Removing a Broken Screw With a Screw Extractor

  • 01 of 05

    The Screw Extractor

    screw extractors
    Photo from Amazon

    They say good things come in small packages, and that's true when it comes to this handy little tool called a screw extractor. When you have a screw head that is stripped or broken off or a bolt that has a stripped or broken off head, it can be impossible to remove without this tool. Screw extractors come in a range of sizes for screws of diameters ranging from 3/32 inch to upwards of 1/2 inch.

    Supplies Needed: 


    Screw Extractor Design

    Screw Extractor Detail

    A screw extractor is a high-strength steel shaft with a square head on one end and reverse tapered cutting screw threads on the other end. The square head fits into a T-handle that's used to turn it the extractor. You can also grip and turn the head with locking pliers.

    The tapered threads are at the business end of the tool. These are designed to screw backward, or counterclockwise, into the screw or bolt after a pilot hole has first been drilled. The end is tapered so that the extractor digs into the damaged screw deeper and tighter as the extractor is turned. So while you're turning the extractor counterclockwise, it's digging into the damaged screw more and more while the damaged screw is backing out.


    The T-Handle

    screw extractor

    The T-handle gets its name from its "T" shape. The handle fits over the end of an extractor bit and usually can be tightened with a knurled nut that works like a drill chuck. T-handles are made to fit a variety of extractor sizes, and many types also work with taps for threading holes, so they're not a uni-task tool. Again, if you don't have a T-handle, you can turn a screw extractor with locking pliers.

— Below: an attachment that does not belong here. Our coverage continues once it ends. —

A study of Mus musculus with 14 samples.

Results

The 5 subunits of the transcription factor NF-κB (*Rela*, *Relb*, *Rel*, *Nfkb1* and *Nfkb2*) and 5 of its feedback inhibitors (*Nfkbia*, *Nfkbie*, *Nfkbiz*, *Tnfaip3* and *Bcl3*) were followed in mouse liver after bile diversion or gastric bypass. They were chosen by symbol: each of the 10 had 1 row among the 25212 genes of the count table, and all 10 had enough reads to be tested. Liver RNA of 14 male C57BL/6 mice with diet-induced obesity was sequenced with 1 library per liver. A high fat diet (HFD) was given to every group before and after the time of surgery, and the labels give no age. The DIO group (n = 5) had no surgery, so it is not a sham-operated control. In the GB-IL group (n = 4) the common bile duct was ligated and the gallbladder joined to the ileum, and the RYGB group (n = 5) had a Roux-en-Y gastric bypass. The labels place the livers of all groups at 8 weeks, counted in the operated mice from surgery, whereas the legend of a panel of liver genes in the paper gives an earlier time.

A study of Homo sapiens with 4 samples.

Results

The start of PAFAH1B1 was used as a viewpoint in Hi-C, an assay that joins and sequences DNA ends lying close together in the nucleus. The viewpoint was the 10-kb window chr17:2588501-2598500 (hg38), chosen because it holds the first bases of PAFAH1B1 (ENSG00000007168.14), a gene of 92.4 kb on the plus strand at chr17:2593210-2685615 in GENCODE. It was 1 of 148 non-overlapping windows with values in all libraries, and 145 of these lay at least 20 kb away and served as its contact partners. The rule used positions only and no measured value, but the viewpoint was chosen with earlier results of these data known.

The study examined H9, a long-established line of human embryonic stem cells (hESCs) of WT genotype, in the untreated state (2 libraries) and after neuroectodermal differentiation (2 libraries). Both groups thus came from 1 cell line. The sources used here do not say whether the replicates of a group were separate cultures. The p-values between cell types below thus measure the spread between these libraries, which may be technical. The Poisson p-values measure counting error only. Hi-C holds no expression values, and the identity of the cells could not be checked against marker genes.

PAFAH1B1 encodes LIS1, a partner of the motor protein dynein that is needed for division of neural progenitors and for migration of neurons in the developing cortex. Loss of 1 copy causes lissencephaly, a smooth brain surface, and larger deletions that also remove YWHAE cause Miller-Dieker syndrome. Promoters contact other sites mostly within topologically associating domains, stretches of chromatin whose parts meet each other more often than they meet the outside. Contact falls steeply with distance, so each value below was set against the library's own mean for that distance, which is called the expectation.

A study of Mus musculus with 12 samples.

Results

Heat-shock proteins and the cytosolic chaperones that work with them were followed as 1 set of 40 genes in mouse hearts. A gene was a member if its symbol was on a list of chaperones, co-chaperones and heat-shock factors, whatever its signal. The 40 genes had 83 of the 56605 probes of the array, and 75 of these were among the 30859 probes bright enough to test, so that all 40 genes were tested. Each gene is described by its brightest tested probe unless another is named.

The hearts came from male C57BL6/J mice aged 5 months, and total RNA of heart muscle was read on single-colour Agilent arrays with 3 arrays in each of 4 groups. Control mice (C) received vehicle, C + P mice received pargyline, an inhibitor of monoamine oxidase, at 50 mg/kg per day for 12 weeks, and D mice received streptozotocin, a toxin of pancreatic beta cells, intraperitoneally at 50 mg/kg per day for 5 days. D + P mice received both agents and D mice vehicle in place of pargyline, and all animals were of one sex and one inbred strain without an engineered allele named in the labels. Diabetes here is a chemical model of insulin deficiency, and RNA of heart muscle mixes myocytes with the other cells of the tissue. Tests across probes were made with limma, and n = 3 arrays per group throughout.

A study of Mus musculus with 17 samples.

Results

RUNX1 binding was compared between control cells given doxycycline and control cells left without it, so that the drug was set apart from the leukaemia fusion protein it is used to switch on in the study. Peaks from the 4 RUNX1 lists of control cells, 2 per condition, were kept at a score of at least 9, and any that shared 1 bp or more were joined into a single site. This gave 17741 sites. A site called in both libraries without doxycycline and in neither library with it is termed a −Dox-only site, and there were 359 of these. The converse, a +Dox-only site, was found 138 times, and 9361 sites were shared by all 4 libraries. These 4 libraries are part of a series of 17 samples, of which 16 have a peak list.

Drill a Pilot Hole

    To use a screw extractor to remove a screw, drill a pilot hole into the center of the damaged screw, using a power drill and the appropriate size of bit. If the head of the damaged screw is rough or uneven, it can help to start with a very small pilot hole, such as with a 1/16-inch bit. Then, drill a larger hole with the bit sized for the extractor. Keep the following tips in mind:

    • The pilot hole diameter varies according to the extractor size you are using. Follow the recommendations on the package that came with the extractor.
    • Since you're drilling in metal, keep the drill speed slow and steady; drilling too fast will overheat the bit and dull it quickly.
    • Be very careful not to break off the drill bit inside the hole, especially when drilling with small bits.

    Extract the Screw

    Prepare the extractor and remove the damaged screw with the following steps:

    1. Grip the extractor bit firmly with a T-handle or locking pliers.
    2. Place the extractor bit into the pilot hole in the damaged screw.
    3. Using a hammer, tap the extractor firmly into the pilot hole.
    4. Apply downward pressure on the extractor while turning it counterclockwise to remove the damaged screw.

    If the extractor slips and loses its bite in the screw, try these tips:

    • Tap the extractor more firmly to get a better bite into the screw.
    • Push down more firmly as you turn the extractor counterclockwise.
    • Enlarge the pilot hole slightly and try again.